Happy International Women’s Day
Today, VAST Resource Solutions recognizes and celebrates International Women’s Day by introducing you to Nicole Besler, Intermediate Wildlife Biologist.
Originally from Calgary, Besler has a B.Sc. in Zoology from the University of Calgary and a M.Sc. from Saint Mary’s University in Halifax.
Before starting with VAST, Besler’s education and career took her to several remote locations across Canada and the U.S., where she discovered her passion for research – from chasing ground squirrels and Grizzly Bears across Kananaskis country to tracking bats in Alberta’s badlands and Newfoundland.
“I really enjoyed the bat research and the diverse field methods and study questions involved,” said Besler. “That’s actually why I ended up in B.C. – it has the highest number of bat species in Canada. After obtaining my M.Sc., which was on the eco physiology of little brown bats, I reached out to a few B.C. bat people, including Dr. Leigh Anne Isaac, project lead and Sr. Wildlife Biologist with VAST, who spearheads the Kootenay Community Bat Project. We kept in touch and eventually that lead to an opportunity with VAST.
“The company is a great fit for me. There are quite a few people with PhDs working at VAST, which is fairly unique for a consulting company. And there is a strong interest in developing creative and innovative science-based management solutions to projects. I think, more and more, industry and government want to see evidence-based solutions to responsible resource development and environment sustainability. In my perspective, VAST is a great place for me to be part of that movement.”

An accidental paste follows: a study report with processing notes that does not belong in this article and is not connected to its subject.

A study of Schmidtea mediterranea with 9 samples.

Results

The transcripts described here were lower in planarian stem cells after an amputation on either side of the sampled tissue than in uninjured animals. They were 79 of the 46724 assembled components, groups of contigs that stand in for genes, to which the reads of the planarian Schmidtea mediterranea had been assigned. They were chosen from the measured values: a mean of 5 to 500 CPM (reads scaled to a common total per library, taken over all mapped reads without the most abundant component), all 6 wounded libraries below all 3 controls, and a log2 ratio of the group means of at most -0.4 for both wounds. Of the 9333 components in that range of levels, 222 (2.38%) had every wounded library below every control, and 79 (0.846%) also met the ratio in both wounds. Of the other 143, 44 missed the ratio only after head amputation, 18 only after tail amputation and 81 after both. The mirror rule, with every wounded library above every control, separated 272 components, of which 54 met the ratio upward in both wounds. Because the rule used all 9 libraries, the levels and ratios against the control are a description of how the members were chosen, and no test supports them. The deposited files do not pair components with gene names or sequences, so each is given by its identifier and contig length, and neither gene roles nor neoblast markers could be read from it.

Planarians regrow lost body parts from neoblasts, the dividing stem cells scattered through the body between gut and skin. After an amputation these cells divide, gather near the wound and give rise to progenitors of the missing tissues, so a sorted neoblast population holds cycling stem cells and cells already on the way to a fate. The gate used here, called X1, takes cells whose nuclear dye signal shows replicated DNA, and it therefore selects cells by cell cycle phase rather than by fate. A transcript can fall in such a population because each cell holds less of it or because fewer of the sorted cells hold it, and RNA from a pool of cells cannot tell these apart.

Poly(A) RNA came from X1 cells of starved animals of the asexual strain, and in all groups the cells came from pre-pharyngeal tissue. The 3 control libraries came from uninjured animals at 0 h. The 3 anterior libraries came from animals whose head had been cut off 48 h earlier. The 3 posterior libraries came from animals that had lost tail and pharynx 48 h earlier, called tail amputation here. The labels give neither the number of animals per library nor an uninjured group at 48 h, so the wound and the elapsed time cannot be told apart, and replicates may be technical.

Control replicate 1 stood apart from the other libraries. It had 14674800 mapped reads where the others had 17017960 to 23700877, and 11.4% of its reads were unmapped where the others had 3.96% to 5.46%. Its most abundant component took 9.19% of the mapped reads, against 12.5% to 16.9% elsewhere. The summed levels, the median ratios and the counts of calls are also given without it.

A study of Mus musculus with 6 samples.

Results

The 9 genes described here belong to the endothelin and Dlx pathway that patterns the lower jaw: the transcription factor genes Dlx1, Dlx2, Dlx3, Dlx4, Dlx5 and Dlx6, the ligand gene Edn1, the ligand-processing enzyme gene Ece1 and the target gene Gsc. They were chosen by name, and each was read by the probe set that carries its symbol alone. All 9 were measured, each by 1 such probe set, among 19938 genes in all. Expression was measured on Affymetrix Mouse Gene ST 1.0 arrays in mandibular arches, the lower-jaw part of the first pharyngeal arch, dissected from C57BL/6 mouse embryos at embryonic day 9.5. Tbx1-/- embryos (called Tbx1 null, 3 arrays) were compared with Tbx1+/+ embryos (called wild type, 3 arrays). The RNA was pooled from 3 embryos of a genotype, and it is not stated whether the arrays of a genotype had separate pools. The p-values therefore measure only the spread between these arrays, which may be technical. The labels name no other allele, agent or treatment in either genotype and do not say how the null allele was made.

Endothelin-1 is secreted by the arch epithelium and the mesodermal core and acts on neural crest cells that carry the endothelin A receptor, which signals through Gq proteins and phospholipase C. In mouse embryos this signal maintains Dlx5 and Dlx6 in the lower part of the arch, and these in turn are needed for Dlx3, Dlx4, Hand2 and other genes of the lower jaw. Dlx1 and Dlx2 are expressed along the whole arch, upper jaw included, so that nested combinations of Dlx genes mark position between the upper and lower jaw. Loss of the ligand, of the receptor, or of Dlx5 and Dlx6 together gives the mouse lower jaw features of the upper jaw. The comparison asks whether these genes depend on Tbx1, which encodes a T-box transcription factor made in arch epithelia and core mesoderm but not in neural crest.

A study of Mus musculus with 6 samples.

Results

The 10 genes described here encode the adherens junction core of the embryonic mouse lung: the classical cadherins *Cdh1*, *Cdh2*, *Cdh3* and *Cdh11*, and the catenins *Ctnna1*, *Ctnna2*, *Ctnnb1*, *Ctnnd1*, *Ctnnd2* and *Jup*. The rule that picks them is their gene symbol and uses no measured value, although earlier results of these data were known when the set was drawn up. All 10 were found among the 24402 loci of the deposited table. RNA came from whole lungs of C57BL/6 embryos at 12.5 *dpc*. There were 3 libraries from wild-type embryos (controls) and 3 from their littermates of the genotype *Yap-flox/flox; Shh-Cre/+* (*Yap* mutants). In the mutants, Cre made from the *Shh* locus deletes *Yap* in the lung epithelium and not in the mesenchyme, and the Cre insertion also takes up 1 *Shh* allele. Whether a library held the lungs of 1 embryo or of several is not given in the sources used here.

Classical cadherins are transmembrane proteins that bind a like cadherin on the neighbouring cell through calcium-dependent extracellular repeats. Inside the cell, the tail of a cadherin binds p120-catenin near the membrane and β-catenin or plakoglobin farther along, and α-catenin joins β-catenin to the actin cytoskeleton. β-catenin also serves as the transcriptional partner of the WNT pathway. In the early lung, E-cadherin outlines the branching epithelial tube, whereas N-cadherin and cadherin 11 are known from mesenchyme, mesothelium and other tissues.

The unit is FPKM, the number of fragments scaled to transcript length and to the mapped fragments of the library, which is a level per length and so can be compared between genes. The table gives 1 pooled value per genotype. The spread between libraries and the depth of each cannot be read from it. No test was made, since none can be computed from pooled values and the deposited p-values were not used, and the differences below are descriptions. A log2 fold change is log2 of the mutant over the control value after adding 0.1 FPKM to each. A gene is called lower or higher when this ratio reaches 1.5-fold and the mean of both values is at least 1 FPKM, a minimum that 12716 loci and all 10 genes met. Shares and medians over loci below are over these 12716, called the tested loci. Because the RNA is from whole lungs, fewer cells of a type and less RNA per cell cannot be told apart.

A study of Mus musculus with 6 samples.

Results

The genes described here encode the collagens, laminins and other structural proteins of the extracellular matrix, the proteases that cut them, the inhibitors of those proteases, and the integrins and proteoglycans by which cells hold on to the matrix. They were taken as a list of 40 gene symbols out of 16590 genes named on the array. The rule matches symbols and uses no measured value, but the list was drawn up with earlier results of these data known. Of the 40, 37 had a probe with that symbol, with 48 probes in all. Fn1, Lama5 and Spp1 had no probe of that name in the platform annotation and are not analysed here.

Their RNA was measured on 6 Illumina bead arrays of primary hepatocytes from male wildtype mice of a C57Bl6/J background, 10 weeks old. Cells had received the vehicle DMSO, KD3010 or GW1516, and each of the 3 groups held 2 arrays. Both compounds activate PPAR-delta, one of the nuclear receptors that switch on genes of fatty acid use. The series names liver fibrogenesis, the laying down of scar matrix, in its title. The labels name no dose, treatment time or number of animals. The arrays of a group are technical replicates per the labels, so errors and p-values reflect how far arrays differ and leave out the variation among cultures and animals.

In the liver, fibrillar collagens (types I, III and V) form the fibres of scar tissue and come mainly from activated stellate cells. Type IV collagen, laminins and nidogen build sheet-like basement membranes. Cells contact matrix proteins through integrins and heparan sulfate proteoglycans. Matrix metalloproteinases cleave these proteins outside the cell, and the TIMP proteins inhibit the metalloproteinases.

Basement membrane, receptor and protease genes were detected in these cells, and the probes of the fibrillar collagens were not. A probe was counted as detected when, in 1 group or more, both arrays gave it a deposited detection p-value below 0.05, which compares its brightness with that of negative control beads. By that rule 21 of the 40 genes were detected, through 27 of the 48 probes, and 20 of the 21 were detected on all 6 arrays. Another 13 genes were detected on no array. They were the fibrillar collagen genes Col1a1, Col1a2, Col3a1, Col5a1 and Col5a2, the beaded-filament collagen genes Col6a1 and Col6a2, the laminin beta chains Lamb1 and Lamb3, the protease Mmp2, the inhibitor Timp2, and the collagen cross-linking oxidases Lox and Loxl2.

Some of Besler’s most recent work with VAST includes amphibian (frog, salamander and toad) and bat surveys and data analysis. She also leads a bat monitoring project, developing and testing methods for monitoring maternity roosts in pre- and post-harvest areas.
“I’m intrigued by the natural world and how animals exist within it. I like the process of determining what I think is happening, how can I measure it, and then carrying out my plan and eventually getting an answer,” said Besler. “I like that you always get an answer. Maybe it was the one you expected and maybe the answer brings a whole new set of questions and a new process of discovery. But the experience has told you something. And that’s fun for me.”
In her spare time Besler spends as much time outdoors as possible and recently took on three puppies: two malamutes and one Newfoundland mix. She lives in Kimberley with her husband, who also works for VAST Resource Solutions as a wildlife biologist.
Besler hopes to one day complete a PhD, and maybe combine her passion for dogs with her pursuit of knowledge.
“I’ve been looking into how dogs are being trained and used in wildlife biology to assist with surveys and conservation,” she said. “Dogs can smell certain species out and I think it would be highly valuable to have powerful and hardy dogs for winter work. I can see myself loading up the dogs and heading to the hills to find answers to new questions, or at least have them pack out equipment! I know of some people and organizations in Alberta and Alaska who use detection dogs for conservation, and it’s shown to be very promising.”
VAST knows our female colleagues bring a perspective and approach to our team that enriches the creativity and insight of projects and acknowledges the significant contributions women have made throughout history to advancing science.